SA googles home brewing to beat the booze ban

19 April 2020 - 00:00 By Suthentira Govender
Colleen Foyn shows off her home-brewed alcohol.
Image: Supplied

When President Cyril Ramaphosa extended the lockdown, South African tipplers turned to their fruit bowls and grocery cupboards to concoct their own alcohol.

The two-week extension has given rise to a new movement of home brewers, who are making pineapple beer, apple cider alcohol and even dabbling in a bit of wine-making.

Google SA reported that searches for “alcohol ban South Africa” spiked 500% as the national lockdown entered week two.

High levels of search interest were also seen for the terms “how to get alcohol” and “homemade alcohol”.

The Free State, North West, Mpumalanga and Limpopo all showed high levels of search interest for “homemade alcohol”.

Related search queries for “homemade alcohol” included “homemade beer recipes South Africa”, “can homemade pineapple beer make you drunk”, “homemade gin”, “homemade alcoholic pineapple beer” and “how to make alcohol at home fast”.

Desperate for an alcoholic fix, Gautenger Colleen Foyn turned to the search engine and started making beer from pineapples. “I also found a recipe for making my own wine, and I’m going to give it bash too.

"This is not illegal and I’m not making it in bulk or to sell to anyone. Who knows, if the wine works out I may be able to start my own little business after lockdown,” Foyn said.

“I would never have attempted to brew myself if I could just buy wine when I wanted to. I could do without it, but perhaps I’m just being a brat because government said I couldn’t have alcohol.”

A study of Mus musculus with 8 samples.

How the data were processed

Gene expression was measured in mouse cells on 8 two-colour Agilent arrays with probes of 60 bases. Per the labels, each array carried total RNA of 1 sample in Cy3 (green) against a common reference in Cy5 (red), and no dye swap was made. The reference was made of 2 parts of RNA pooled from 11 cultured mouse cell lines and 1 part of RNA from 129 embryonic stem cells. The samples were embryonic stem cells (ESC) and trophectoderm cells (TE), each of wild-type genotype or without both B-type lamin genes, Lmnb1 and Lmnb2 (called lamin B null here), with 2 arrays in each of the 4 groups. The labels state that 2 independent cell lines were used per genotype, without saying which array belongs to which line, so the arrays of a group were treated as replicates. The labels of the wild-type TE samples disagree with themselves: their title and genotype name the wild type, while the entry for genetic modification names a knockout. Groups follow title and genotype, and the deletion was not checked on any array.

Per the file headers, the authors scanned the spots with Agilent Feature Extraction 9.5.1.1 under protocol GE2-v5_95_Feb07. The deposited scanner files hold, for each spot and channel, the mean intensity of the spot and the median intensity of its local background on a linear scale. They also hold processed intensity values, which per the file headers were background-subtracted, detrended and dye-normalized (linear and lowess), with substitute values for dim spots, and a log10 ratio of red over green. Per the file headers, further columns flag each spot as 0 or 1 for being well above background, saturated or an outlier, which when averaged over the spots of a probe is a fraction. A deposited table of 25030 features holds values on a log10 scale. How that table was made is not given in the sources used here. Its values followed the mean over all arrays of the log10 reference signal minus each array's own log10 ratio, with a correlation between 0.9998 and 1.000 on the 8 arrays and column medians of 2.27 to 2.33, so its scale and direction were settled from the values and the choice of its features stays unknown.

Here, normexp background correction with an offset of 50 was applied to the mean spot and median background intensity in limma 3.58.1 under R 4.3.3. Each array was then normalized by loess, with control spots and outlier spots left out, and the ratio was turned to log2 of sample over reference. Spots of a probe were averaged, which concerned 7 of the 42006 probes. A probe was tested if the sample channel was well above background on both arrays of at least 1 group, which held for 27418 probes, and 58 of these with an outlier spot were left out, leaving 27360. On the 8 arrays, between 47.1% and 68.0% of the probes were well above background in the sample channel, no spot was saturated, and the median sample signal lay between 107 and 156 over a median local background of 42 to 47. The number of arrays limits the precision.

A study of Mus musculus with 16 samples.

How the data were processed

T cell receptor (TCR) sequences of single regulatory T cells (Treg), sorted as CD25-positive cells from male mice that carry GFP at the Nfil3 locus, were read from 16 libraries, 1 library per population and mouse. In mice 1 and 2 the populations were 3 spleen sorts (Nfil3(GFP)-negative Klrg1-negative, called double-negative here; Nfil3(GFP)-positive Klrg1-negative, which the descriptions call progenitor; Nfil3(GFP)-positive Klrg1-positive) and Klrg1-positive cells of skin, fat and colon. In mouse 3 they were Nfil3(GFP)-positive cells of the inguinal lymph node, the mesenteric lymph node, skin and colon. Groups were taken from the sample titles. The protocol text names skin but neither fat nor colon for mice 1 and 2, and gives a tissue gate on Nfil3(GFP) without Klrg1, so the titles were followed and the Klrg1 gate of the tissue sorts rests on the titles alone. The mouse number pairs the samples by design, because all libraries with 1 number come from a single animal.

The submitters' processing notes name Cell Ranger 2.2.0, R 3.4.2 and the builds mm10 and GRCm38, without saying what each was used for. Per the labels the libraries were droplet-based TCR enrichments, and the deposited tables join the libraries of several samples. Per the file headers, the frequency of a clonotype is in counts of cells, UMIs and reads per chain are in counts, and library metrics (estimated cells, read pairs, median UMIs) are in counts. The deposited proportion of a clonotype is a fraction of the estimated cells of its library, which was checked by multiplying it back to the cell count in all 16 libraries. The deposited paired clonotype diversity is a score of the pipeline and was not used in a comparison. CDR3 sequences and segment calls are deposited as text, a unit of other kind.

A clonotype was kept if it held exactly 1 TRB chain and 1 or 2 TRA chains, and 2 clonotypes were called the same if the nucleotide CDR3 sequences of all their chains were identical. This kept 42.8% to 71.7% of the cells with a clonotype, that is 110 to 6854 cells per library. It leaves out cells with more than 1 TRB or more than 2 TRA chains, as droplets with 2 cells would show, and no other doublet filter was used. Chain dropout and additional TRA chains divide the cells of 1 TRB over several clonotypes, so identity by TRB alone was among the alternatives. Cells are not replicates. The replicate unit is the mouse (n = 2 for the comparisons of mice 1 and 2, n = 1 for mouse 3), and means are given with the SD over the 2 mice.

Foyn is not alone in her home brewing. Scores of South Africans are concocting their own blends in the absence of their favourite drinks, with many sharing recipes on social media platforms like Twitter.

One home brewer, who did not want to be named for fear of reprisal, told the Sunday Times he started making pineapple beer because he needed an alternative.

“Firstly, in the absence of alcohol, those of us who partake in the inebriating liquids need alternatives to help us hold a nerve or two in this extended lockdown period. So this establishes the need to drink,” he said.

“Pineapples are easily accessible where I’m from and the ingredients to turn innocent pineapple juice to treacherous liquid are inside every home.” The process involves fermenting pineapple pulp in a container with sugar, water and yeast for about a week.

“The amount of time to craft a perfectly smooth product is relatively short and the fermentation process can be controlled and assessed for quality brew,” the man said.

Another said he was also making home-made alcohol and had no plans to stop.

“I’m not going to stop. I’m also making an apple cider for when the pineapple beer runs out. It’s not illegal. Show me the law that says I cannot make it for personal consumption.”

Home-brewed beer is not illegal in SA provided it is made only for personal consumption and not to be sold for profit.

National police spokesperson Brig Vish Naidoo said the Disaster Management Act “did not necessarily” prohibit the making and consumption of home-brewed alcohol.

“This is governed by the Liquor Act,” he said. But he added that he didn’t know exactly “what the act says on this”.